Friday, September 28, 2018

Today I Will Work on My Novel

Yesterday I spent in mourning for our political process. I was unable to function online, more than minimally. It was a lost day in every sense. This morning I waded through dozens of yesterday's posts, deleting both good and bad. I am about resigned that things are not going to get better, because too many voters no longer know what "better" means. I am clearing out as much negativity from my PC as I can this morning, so that I can write once again. At 76 I am too old to waste my remaining time feeding my mind with daily disappointment. You younger people must bear the burden older generations have created for you. It is up to you to formulate some truths upon which to build new politics. The future is yours - or not - depending on your own actions. You will get no help from we the PERPETRATORS.  

Friday, September 7, 2018

Did Harvey make us sick? Still more questions than answers

The third time Rodney Blair began to wade into Harvey floodwaters to reach his ruined house in the days after the storm, he was stopped by law enforcement.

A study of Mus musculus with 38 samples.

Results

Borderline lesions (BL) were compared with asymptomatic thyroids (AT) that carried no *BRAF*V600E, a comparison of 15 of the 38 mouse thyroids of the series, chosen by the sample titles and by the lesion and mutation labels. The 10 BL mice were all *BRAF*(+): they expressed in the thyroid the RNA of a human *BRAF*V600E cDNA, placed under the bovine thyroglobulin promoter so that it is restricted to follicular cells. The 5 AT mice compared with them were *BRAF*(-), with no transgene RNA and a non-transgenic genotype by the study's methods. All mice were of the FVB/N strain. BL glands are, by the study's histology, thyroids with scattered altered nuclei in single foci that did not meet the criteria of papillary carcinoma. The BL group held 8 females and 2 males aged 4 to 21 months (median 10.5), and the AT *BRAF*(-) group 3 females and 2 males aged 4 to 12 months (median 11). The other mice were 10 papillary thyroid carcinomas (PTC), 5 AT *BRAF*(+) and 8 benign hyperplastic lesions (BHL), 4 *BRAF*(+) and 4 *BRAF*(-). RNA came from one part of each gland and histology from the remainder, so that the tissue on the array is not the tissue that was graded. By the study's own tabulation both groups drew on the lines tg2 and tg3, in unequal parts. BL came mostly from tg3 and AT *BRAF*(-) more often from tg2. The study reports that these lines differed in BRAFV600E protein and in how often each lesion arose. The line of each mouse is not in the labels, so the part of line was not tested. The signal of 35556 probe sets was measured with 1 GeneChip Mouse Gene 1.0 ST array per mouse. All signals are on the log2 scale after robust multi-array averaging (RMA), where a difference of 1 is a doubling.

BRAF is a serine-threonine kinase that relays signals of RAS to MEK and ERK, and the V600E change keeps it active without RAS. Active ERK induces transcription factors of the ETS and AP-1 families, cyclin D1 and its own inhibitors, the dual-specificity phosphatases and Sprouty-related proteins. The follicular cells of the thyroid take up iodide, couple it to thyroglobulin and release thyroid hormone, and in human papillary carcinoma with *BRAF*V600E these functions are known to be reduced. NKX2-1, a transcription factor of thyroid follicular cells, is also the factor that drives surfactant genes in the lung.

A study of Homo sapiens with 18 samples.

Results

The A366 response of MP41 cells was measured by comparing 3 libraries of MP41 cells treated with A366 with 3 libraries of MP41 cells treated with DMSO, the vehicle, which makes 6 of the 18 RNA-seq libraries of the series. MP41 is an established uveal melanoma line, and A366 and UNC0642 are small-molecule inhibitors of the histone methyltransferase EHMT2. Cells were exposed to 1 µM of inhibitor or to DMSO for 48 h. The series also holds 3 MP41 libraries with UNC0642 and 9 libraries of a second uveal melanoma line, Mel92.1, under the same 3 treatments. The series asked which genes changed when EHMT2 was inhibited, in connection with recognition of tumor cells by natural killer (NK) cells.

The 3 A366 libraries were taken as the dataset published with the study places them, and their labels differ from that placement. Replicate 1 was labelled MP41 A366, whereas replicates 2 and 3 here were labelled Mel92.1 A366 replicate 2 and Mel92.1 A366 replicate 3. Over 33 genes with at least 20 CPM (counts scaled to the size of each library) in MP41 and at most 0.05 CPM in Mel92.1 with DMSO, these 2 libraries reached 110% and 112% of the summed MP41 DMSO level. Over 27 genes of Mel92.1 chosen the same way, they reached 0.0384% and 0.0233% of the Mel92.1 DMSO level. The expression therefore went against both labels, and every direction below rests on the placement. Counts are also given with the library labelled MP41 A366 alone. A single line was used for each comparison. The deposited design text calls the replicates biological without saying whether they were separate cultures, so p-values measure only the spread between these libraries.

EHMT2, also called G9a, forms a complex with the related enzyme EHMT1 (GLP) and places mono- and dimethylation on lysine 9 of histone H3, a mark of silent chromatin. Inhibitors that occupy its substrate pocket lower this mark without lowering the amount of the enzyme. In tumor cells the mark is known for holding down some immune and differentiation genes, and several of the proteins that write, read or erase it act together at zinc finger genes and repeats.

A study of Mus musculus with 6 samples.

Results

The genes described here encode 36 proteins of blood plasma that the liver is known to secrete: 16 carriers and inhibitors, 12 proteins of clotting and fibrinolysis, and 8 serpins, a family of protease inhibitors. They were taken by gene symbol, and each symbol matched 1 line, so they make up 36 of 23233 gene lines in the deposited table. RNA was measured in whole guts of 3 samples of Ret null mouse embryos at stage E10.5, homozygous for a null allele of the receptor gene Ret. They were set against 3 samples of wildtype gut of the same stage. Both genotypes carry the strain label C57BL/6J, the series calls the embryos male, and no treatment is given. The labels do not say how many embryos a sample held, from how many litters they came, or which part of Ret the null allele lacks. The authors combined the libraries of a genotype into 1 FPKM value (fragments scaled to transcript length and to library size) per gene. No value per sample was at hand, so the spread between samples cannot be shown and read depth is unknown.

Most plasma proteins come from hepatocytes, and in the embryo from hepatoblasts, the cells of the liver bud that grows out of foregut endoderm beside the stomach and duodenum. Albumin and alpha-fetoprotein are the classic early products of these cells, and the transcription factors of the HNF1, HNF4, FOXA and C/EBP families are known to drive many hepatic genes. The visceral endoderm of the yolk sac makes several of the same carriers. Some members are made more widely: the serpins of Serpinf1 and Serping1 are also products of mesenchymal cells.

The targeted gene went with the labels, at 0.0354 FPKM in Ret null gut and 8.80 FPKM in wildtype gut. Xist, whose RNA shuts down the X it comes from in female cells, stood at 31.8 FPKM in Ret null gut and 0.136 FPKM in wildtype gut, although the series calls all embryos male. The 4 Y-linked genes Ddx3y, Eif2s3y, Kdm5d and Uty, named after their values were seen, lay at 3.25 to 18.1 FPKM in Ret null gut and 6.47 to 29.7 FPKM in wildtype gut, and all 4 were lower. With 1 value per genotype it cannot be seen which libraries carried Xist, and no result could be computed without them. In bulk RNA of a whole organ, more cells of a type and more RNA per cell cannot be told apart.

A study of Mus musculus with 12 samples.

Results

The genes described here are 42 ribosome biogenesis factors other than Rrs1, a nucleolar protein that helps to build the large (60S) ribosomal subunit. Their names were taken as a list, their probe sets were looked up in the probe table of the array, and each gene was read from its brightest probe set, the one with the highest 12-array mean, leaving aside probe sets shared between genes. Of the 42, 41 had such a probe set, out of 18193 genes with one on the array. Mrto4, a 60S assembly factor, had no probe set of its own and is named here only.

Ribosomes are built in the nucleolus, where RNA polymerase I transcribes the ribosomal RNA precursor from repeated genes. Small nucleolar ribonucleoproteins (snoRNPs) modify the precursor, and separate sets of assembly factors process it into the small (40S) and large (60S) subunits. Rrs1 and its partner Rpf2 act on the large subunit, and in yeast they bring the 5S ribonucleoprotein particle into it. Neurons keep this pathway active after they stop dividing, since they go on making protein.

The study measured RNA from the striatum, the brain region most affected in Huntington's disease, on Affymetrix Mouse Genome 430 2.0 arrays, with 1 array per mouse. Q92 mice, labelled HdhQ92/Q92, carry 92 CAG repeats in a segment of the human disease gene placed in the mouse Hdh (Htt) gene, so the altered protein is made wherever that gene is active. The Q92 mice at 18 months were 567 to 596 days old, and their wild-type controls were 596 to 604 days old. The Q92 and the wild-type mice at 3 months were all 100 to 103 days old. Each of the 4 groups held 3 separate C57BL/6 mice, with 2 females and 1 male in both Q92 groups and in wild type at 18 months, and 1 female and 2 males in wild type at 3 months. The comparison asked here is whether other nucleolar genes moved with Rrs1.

“Excuse me sir,” an officer warned, “I advise you to not enter the water without proper protection.”
From the Houston Chronicle

some of the early evidence is troubling.
New findings by Rice University researchers show the stagnant water inside some flooded homes carried indications of antibiotic-resistant bacteria up to 250 times higher than even the floodwater outside. The same markers for the bacteria were found in the sediment left behind weeks after the water receded.
The significance of the discovery is that such bacteria could lead to infections more difficult to treat, said Lauren Stadler, assistant professor of civil and environmental engineering at Rice and lead investigator for the study.
“There is mounting evidence that these floodwaters, especially inside homes, present a real risk,” Stadler said last week.
Bacteria and more
Researchers trudged into the storm to capture samples as the rain fell last August and then for weeks afterward.
High levels of E. coli were found in the Buffalo and Brays bayous which ultimately spilled into neighborhoods.
In flooded homes it can be hard to isolate where contaminants come from. Sewage trapped in bathroom pipes, medicines in cabinets, cleaning supplies under sinks, and chemicals in garages all mix together with floodwater to form a toxic brew.
But the Houston region also poses another unique threat. Harvey’s flooding pried loose soil and chemicals from 13 Superfund sites and spread chemical seepage from the area’s vast oil and gas industry.